I read with shock about the protest outside of the new Mars Hill Church in Southeast Portland this past weekend. Twenty protesters gathered in front of the church, not only carrying banners, but -- more alarmingly -- shouting obscenities as churchgoers left their service. One woman yelled, "Shame on you bigots. You're not welcome here. You're going to burn in hell." Is this what Portland has degraded to? Harassing people leaving their house of worship?
The protesters were dressed in black and some wore handkerchiefs to cover their faces while shouting at adults and children. Their issue is with the new owners of the beautiful church -- fondly known as The Castle -- because of their public stance against homosexuality. Church leaders, including founder Mark Driscoll, have ruffled many feathers with their overt condemnation of homosexuality as a sin.
I understand that such teachings may offend people, but this does not at all justify the protest organized outside the church. Do children leaving this church need to hear such hatred and obscenity, especially by those covering their faces with handkerchiefs? Can such an incident ever have a positive effect on a child's young mind? What happened to civility? What happened to dialogue?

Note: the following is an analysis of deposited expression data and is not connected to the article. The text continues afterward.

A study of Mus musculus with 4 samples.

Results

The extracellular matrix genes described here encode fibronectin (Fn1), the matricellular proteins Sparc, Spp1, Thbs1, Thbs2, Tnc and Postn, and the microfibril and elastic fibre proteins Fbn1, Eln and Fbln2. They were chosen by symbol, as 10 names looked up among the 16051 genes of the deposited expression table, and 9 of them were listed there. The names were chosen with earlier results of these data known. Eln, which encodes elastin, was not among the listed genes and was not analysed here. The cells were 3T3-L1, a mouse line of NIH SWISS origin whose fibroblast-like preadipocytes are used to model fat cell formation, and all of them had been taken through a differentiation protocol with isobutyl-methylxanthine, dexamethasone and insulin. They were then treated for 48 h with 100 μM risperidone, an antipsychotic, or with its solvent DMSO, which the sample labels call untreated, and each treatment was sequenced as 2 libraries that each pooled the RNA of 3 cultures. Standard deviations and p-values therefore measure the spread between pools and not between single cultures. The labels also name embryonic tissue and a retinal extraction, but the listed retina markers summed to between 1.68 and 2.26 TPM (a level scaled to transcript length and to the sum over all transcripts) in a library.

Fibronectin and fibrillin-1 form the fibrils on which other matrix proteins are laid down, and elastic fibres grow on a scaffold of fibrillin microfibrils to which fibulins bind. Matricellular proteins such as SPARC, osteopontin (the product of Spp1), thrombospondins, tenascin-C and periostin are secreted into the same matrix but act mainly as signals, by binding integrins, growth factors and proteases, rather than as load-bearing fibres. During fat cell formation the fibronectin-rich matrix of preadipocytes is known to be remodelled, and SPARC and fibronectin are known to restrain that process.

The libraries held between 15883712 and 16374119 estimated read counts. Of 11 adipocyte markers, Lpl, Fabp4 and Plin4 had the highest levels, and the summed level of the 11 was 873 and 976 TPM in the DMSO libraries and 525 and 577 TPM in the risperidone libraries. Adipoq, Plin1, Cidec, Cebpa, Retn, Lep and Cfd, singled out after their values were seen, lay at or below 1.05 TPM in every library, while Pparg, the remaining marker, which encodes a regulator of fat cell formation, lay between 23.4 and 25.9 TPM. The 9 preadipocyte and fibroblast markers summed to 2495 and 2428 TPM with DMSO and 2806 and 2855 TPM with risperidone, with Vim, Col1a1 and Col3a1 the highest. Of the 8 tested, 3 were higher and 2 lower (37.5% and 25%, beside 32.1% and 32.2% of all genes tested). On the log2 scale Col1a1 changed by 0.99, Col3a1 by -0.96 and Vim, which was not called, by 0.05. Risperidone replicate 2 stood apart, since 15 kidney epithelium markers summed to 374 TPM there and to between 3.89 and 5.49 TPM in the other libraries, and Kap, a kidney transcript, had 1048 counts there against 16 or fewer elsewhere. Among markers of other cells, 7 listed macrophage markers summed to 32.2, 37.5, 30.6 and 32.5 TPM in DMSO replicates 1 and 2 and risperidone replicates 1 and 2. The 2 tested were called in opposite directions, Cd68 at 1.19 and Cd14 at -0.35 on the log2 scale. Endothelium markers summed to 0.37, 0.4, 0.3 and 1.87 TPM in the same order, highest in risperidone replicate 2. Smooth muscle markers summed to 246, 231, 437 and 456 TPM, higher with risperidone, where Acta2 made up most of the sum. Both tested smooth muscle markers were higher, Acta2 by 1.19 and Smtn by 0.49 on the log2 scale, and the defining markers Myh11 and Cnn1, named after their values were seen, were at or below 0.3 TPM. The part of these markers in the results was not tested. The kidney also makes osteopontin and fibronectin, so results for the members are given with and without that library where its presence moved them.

To be clear, as a Muslim, I do not endorse nor represent this church. In fact, Mars Hill founder Pastor Mark Driscoll has made insulting comments towards Muslims, as well. He has argued that Muslims do not worship the same God as Christians and that Christians should not participate in Muslim services. He argued that "to pray with Muslims absolutely dishonors Jesus."
So clearly I do not defend Driscoll or his beliefs, but we must remember the freedom of religion this great nation affords, which includes every religious organization's freedom to preach what it believes to be the truth, as long as it doesn't call for chaos and disorder in society. If all of us protested each theological disagreement we have, there would be hundreds of protests every day. This is not the way to handle disagreements, as it will lead to chaos and societal disturbance.
Religious groups have been speaking either for or against homosexuality for decades, so this protest is rather surprising. Speaking for my faith, Islam views homosexuality as a sin and against the Islamic way of life. This does not, however, mean that we hate the individual. Muslims are expected to behave with dignity and maintain law and order even if we find disagreement with others' behavior, tendencies or beliefs.
The Mars Hill Church's approach to preaching certainly leaves much to be desired. Announcing that its arrival in Portland is meant to save the city's sinners is the very reason that people are turned off by religion. I would advise church leaders to attract people, not to push people away. Seek common ground through love and understanding.
Peace and order of our city are of paramount importance. I ask people from both sides of the issue to seek reasonable, peaceful and civil ways to communicate with one another. Let us keep Portland diverse and keep it peaceful.
Originally published in The Oregonian on October 21, 2011.